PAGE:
Everyone quarrels, says clinical psychologist Wolf, but there are ways to prevent arguments from deteriorating into behavior that destroys a relationship. Although grownups are mature, says Wolf, they still retain a "baby self" that wants immediate gratification without stress. It is when someone's baby self, rather than rational self, emerges during a verbal conflict that trouble begins. Using numerous and often humorous sample conversations, the author demonstrates how to circumvent this. When Celia and Lewis disagreed because she had promised they would attend a dinner party and he wanted to spend time with his father, their discussion grew angrier because both used insulting language rather than accepting that they would have to negotiate. Just drop it, says Wolf, disengage and simply leave an argument if you and your partner cannot stick to the basic subject. Wolf (Mom, Jason's Breathing on Me) also includes sensible advice on how to avoid other baby self pitfalls. such as bringing up past grievances, assigning blame and indulging a need to control.
“Why Can’t You Shut Up?”: How We Ruin Relationships–How Not To
“You’ll laugh at the ‘baby’ in you while learning how to grow up and get your needs met. A must read!”
–Dr. Jane Greer, author of How Could You Do This to Me and Learning to Trust After Betrayal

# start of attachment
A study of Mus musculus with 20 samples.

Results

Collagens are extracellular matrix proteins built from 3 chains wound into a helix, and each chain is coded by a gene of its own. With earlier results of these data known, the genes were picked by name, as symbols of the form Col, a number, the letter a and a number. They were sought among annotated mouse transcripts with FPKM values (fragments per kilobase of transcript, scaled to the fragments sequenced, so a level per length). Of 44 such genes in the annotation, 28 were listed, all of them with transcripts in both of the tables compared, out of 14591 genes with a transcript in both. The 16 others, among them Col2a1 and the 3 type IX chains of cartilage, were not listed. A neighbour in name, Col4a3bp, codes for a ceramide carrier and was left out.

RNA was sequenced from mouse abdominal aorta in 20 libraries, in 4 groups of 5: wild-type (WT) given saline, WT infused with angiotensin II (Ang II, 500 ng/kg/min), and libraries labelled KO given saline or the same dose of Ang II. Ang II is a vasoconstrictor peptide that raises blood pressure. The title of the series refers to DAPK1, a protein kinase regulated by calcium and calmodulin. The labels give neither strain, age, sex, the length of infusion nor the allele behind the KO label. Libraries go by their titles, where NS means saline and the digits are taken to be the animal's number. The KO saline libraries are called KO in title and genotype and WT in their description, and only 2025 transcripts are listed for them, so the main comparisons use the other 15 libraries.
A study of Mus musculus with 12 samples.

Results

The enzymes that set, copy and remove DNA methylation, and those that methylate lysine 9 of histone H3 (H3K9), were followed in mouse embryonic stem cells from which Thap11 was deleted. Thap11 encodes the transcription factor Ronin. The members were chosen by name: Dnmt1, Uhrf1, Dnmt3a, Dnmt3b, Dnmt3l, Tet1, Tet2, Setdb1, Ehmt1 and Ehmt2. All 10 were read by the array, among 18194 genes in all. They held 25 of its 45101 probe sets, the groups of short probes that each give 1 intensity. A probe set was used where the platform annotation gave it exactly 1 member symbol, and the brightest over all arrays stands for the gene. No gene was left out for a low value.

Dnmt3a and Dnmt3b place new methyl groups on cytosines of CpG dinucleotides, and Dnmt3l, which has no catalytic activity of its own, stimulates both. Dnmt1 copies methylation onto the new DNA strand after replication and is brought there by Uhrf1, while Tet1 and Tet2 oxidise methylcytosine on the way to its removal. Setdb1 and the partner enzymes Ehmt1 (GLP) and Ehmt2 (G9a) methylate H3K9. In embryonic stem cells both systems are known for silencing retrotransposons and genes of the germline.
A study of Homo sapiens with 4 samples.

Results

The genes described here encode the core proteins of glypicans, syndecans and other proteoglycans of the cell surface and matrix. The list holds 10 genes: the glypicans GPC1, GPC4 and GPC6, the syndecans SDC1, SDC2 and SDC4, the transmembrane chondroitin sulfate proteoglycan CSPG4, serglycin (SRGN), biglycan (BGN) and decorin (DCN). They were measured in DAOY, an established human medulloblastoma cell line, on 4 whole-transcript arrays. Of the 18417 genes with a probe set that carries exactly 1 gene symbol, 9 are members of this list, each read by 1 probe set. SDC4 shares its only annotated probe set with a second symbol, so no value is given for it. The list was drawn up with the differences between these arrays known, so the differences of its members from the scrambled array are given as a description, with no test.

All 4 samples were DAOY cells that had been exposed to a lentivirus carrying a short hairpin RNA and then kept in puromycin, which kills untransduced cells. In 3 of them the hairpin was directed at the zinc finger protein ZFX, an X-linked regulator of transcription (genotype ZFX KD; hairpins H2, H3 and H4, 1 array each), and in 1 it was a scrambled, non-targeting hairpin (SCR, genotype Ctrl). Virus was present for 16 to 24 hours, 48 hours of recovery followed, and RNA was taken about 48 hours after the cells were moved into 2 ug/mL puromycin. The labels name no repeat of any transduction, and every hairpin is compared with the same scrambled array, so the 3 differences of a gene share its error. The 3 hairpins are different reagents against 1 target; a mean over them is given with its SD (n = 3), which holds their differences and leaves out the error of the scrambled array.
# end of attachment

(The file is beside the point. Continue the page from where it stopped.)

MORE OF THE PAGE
Get Out of My Life, but First Could You Drive Me and Cheryl to the Mall?: A Parent’s Guide to the New Teenager
“Funny, sound, and compassionate, [this book] will truly help you talk to your kids and not get mad all the time.”
–The Boston Globe
It’s Not Fair, Jeremy Spencer’s Parents Let Him Stay Up All Night!: A Guide to the Tougher Parts of Parenting
“Dr. Wolf’s anecdotes ring so true that you are sure to hear your own voice–not to mention the voices of your children–in these pages.”
–Pamela Abrams, editor in chief, Child
I find that what the book lacks is tools to avoid the fighting situations from starting altogether, and tools to strengthen relationships and communication. The concept of "the most important thing about a fight is that it ends" is liberating and practical, but I would rather use the concept of how to prevent a fight from starting.
As someone who has experienced toxicity in relationships, this book was VERY helpful, both to understand what part I had in making my relationship toxic and to understand why I reacted to the other person's contributions in a way that seemed so out-of-character for me.
Dr. Wolf explained in a better way than I'd ever heard why we react strongly to the people closest to us. His characterization of our consciousness as two selves - "Adult self" and "Baby self" - resonated strongly with me, and it helped me both to understand and to reign in the parts of me that were destroying my relationships.
It seems easy when you read it, but to practice what he 'preaches' it is hard.
But I will surely recommend this book. I even bought two, so I can give one away as a present.
I totally love the straight-forward way Dr. Wolf makes it easy to be a grown up.